Joe Hart knew Pep Guardiola’s mind would not be swayed so England’s No. 1 had no hesitation in starting afresh in Italy.
Life at Manchester City has been transformed over recent months, with the club’s new Spanish coach wasting little time shaping the squad and getting players attuned to his philosophy.
The changes have resulted in some high-profile casualties at City, with Yaya Toure marginalised and several other high-profile names shifted out.
Hart was the biggest outgoing as Guardiola’s preference for a goalkeeper more comfortable in possession led the 29-year-old to lose his starting berth, resulting in a surprising loan move to Italy with Torino.
“Football is a game of opinions and some people have a great opinion of me and some people probably think I’m absolutely useless,” said Hart, who kept a clean sheet in England’s 2-0 win over Malta on Saturday.
“Unfortunately for me, one of the guys’ opinions in charge of my club at the time wasn’t as strong as it needed to be. So I needed to find someone who had an opinion of me who thought I could help their team.
“I need to improve and improve all the time because I’m still learning the game and the game is changing all the time.
“I love trying to improve — I love that challenge. I want to keep developing until I physically can’t.”
Claudio Bravo was brought in as Guardiola looked for a shot-stopper more suited to his philosophy, but Hart is unsure whether there are two distinct style of goalkeeping.
“I have to think selfishly about the whole thing and try to be what I’m capable of being,” Hart said. “People have their opinions and will make statements on how things are and what they are.
“They might be right, they might be bang on. Some people you struggle to argue with — they’ve got a lot of strong backing to what they say and what they do.
“But I can only really look after me. I’m always looking, I’m always watching — I see new ideas, I like new ideas and I’ve got to work to my capabilities. Whatever I’m capable of, I need to be the best I can.”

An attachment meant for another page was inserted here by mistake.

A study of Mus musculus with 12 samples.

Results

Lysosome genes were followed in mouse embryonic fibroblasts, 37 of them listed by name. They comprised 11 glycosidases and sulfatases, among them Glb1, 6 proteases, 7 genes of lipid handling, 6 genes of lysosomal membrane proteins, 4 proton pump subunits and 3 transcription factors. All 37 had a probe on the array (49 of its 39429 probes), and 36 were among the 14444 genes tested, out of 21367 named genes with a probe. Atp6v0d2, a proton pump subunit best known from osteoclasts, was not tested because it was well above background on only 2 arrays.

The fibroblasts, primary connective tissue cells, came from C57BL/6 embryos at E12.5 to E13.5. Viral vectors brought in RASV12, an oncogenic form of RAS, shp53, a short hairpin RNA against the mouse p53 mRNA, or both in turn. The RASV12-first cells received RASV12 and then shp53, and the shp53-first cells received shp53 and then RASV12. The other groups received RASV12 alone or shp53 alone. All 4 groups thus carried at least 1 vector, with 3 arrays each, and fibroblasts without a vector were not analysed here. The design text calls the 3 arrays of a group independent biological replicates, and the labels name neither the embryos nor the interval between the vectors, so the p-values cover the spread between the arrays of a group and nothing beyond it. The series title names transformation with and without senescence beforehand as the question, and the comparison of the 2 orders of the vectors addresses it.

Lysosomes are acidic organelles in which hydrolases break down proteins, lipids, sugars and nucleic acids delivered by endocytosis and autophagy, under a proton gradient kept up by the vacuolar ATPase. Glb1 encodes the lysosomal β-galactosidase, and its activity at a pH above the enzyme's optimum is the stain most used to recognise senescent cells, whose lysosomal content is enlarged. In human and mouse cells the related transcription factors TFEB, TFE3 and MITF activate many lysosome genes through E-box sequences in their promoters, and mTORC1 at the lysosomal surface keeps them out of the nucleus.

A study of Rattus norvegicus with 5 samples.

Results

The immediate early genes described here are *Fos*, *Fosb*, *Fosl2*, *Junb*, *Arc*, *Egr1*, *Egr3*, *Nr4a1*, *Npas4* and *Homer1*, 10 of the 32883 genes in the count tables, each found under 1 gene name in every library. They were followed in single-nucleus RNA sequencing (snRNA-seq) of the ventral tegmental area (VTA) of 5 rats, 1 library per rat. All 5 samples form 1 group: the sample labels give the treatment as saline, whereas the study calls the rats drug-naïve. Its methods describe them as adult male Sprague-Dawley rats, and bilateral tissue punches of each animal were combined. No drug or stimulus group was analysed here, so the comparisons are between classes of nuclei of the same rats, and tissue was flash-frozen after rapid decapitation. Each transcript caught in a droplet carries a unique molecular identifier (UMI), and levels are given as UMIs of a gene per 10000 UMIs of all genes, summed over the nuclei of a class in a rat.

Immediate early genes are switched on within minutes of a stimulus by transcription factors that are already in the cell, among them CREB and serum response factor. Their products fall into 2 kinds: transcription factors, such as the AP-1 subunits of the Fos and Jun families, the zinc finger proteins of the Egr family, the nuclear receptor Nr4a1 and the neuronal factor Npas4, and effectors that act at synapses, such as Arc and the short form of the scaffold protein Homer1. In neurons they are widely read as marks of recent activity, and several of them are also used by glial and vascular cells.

Hart has no regrets about how life panned out at City, nor his decision to move to join Sinisa Mihajlovic’s Torino.
“I’m not going to lie, I wasn’t sat there with 25 options,” Hart said. “Torino was a really good option for me and it definitely excited me to go to play in Serie A and to play for Torino. That fit, in the situation I was in, was a good decision.
“It’s not about making brave decisions. It was a decision I had to make and was comfortable with.
“I felt I was capable of doing it and where my options were it was the best one for me in my opinion.
“I’m at Torino with huge commitment to the club, huge commitment to the season, the culture, the football and I’m going to give it my all. Whatever happens, happens.”
Hart was coy when asked if it was realistic for him to return to City, but more forthcoming on other matters.
His desire to play for club and country for years to come has seen him take greater care of himself physically, while he believes the Three Lions would benefit from more of a group focus on style and substance.
“I think it’s definitely down to us to create an identity of the team that we are trying to be,” Hart said.
“Win, lose or draw, I think we need an identity of why we won, why we lost, why it didn’t go very well.
“That’s a big thing for me. As I am learning more and more about the game, it’s easier to move on if you know why things have happened.”